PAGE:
10 things that every person needs to know about King Tut

Published On November 5, 2014 | By Admin | All the way black, The latest posts

by Marie Seva

Tutankhamun or Tutankhamen or Tutankhamon or more commonly referred  to as King Tut, was an Egyptian pharaoh who was enthroned at a very young age.  He ruled the Egyptians for about 10 years from 1332 BC to 1323 BC during a period known as the New Kingdom (based on Egyptian history).   Though his rule began early in his life, he was also considerably young when it ended.  More on this and other interesting facts about the reknowned Egyptian ruler.

1. King Tut made a number of modifications on the policies left by his father, Akhenaten.  He worked on the restoration of diplomatic ties with other neighboring kingdoms which his father didn’t put much importance on.  He also brought back celebrations conducted for the gods.  And he had ended the veneration for the god, Aten and revived worship for the god, Amun.  This explains the change of his name from originally being Tutankhaten which means “Living image of Aten”  to Tutankhamun which means “Living image of Amun”.

2. King Tut’s physical attributes include having a height of 5 ft 11 in, a slightly elongated skull, large front incisors and an overbite attributed to the Thutmosid  Dynasty.  Research suggests that he had a mild case of a cleft palate and of a scoliosis.

3. Based on research conducted using DNA testing on the mummies in King Tut’s family, his father, Akhenaten and his mother, were both born of Amenhotep III and Tiye, hence, they were siblings to each other.  His mother was one of the five sisters of his father.   This may explain his mild cleft palate and scoliosis, both of which are defects that can be brought about by a union between people of very close blood relations.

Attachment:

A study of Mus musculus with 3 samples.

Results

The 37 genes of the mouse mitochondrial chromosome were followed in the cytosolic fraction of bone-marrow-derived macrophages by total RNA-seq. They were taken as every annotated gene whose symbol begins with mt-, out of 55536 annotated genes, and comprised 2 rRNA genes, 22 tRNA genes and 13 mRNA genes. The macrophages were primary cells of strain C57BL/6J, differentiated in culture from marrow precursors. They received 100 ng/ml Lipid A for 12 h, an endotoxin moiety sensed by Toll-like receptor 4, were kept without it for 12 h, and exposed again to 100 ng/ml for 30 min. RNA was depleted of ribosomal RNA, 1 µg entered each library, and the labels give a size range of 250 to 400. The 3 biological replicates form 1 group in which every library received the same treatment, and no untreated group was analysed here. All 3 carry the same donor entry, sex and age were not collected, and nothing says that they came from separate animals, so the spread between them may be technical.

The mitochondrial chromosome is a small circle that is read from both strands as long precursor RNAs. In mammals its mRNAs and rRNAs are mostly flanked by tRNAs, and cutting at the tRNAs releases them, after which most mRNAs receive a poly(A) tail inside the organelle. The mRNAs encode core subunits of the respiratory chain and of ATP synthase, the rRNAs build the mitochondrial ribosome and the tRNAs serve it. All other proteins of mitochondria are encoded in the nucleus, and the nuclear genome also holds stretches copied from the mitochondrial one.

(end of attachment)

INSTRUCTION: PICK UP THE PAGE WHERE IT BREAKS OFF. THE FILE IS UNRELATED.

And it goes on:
4. King Tut married Ankhesenpaaten, who later changed her name to Ankhesenamun.  Research shows that she is his half-sister.  They had two children who never saw daylight.  One child died 5-6 months through Ankhesenamun’s pregnancy, while the other died on the 9th month.  The early death of their children can be attributable to their conception from parents coming from the same blood line which can bring about genetic defects that would not permit them to reach full term.

5. King Tut died at the early age of 19.  Among the many speculations on the cause of his death were having a temporal lobe epilepsy which caused his fatal fall, having the sickle cell disease, having received a blow on his head, having Kohler disease II,  having malaria and contracting many other diseases.  In 2013, however, Dr. Chris Naunton, together with other scientists from the Cranfield Institute, used virtual autopsy which revealed that he could have died from a chariot crashing into him while he was on his knees.

6. King Tut’s remains have been burnt, according to a report from Howard Carter.  Dr. Naunton, together with Dr. Robert Connolly and Dr. Matthew Ponting found evidence of his body being charred while inside the coffin. They said that the coffin reached temperatures that were over 200 degrees Centigrade from a chemical reaction between the embalming oils, oxygen and linen, and this caused the burning.

7. King Tut’s tomb was robbed at least two times.  His tomb was found to have body armor, folding stools and various gifts from the countries he created good ties with.  Among the items robbed were oils and perfumes.  Research shows that the robberies took place only some months after the burial of the young pharaoh.

8. The curse accompanying the disturbance of pharaoh’s tombs, seem to not apply to King Tut.  Based on journals and records, among those who joined the expedition in 1922 of Howard Carter and George Herbert, when they found the tomb of King Tut, the age of death of  those who entered the tomb and those who did not, had no significant difference.

9. King Tut is quite famous internationally.  His relics are among the most traveled in the world reaching USA, USSR, Japan, France, Canada, West Germany and Australia. In the Treasures of Tutankhamun tour  in 1972 to 1979, in London, it drew more than 1.6 million attendees and in the U.S. it drew more than 8 million visitors.

10. King Tut is so popular that his name has been included in TV shows, films, songs, novels  and even in video games (e.g. Sphinx and the Cursed Mummy).  However, his popularity in modern times seem to be ironic to his era.  Jon Manchip White wrote, “The pharaoh who in life was one of the least esteemed of Egypt’s Pharaohs has become in death the most renowned.”